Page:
Recent research demonstrates that an evolutionarily conserved molecular code, present on cell surface adhesion molecules, is a critical regulator of cell motility. The prehistorical code identified by the researchers finally explains on the molecular level how cells can fine-tune their migration in response to different tissue determinants. This code which predates dinosaurs and life moving to dry land remains functional in our bodies even today.
Scientists from the research group led by Academy professor Johanna Ivaska from the University of Turku have identified a previously undescribed protein sequence in adhesion receptors called integrins which regulates cell motility in response to different connective tissue components.
"Cell motility is essential for all life. In humans it plays a vital role from embryonic development to inflammation, immune responses and wound healing in adults. Furthermore, in cancer cell migration facilitates the metastatic dissemination," Academy Professor Johanna Ivaska explains.
For decades scientists have known that human cells must recycle their adhesion receptors to enable cell motility. However, the basis for specifically regulating this in different environmental conditions in the body has not been known. The identified code sequence explains the specificity of receptor turnover.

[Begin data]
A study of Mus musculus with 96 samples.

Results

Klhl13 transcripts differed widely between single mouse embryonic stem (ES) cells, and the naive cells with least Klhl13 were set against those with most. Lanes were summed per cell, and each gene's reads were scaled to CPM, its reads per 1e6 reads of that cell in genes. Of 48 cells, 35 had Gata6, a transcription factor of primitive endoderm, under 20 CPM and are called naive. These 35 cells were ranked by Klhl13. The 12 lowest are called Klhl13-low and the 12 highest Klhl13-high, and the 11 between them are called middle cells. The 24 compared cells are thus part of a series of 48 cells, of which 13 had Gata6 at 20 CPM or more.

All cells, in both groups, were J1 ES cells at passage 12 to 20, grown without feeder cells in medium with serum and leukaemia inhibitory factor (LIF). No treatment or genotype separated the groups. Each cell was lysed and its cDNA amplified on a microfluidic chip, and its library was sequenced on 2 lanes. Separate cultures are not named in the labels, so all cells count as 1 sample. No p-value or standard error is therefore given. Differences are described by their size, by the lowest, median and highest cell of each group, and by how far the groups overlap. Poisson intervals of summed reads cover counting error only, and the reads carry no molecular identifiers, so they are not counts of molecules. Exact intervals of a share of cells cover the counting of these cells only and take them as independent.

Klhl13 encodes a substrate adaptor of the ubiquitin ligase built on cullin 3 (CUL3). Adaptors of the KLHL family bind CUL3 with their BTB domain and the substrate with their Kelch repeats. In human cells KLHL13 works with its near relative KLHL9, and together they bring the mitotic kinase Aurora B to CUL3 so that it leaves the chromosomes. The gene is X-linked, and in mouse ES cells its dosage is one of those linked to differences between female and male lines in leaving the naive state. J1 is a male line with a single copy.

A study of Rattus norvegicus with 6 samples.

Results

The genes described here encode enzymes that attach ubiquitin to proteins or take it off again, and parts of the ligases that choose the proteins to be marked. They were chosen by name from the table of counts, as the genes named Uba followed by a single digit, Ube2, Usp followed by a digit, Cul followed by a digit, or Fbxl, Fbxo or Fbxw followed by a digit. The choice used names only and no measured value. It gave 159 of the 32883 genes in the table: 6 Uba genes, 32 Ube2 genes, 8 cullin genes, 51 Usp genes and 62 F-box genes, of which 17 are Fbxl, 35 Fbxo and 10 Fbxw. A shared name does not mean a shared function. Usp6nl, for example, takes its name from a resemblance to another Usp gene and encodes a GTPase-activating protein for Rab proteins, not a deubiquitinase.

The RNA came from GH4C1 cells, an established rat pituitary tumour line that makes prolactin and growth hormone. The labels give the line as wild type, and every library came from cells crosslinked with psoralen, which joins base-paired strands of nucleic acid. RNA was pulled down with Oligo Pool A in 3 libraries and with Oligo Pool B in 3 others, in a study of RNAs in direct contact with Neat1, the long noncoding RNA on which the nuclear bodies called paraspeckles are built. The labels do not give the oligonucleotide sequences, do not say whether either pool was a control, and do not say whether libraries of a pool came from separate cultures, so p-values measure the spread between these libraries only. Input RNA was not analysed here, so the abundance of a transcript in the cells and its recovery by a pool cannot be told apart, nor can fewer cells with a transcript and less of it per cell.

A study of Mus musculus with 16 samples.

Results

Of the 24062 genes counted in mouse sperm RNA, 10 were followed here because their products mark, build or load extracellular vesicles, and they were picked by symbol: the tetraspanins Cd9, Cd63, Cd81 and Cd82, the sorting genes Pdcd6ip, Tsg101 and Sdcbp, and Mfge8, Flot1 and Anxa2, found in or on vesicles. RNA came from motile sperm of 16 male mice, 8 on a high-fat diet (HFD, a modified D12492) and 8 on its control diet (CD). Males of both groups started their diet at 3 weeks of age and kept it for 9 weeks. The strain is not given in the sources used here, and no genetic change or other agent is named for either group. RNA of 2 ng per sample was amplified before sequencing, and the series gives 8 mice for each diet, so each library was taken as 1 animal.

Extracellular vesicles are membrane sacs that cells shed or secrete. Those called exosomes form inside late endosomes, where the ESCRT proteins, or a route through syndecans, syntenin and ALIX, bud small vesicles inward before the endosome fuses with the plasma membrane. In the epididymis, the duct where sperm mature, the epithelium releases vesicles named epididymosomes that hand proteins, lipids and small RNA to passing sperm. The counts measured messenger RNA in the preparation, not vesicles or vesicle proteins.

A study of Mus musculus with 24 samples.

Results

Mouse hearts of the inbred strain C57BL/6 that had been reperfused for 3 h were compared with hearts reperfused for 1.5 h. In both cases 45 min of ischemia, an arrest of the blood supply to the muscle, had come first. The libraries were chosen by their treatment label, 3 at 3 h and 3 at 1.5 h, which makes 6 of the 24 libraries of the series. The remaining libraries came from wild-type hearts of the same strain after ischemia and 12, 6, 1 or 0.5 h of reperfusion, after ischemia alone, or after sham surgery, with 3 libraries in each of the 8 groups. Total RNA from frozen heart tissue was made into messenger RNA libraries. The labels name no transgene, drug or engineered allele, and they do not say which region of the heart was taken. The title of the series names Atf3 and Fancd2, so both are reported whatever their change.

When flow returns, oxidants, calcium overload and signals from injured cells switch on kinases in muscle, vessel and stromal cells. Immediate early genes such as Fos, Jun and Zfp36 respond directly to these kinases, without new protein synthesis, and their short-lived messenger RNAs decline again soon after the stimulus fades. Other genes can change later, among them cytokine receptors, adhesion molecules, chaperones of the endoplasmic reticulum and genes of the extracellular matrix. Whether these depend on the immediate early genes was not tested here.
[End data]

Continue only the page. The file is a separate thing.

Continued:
"Our observation that this code has remained virtually unaltered since prehistoric times emphasises the biological importance of the finding. Only vital biological processes remain unchanged during the course of evolution," says Professor Ivaska.
This research has been a collaboration with Structural Biologists from University or Cambridge, UK and Cell Biologists from Gustave Rossy -- Institute in Paris.
The projects stems from bioinformatics analyses performed by Graduate Student Nicola De Franceschi. He observed that integrins contain a previously unappreciated molecular code which governs cell motility.
"Our new observation demonstrate for the first time the mechanism which enables cells to specifically turnover their adhesions to migrate in a specific tissue. The ancient mechanisms remains today vital for human health and plays a role in pathological situations like chronic inflammation, some autoimmune diseases and cancer," describes Professor Ivaska.
These research findings have been published in online in Nature Structural and Molecular Biology -- journal Jan. 18, 2015.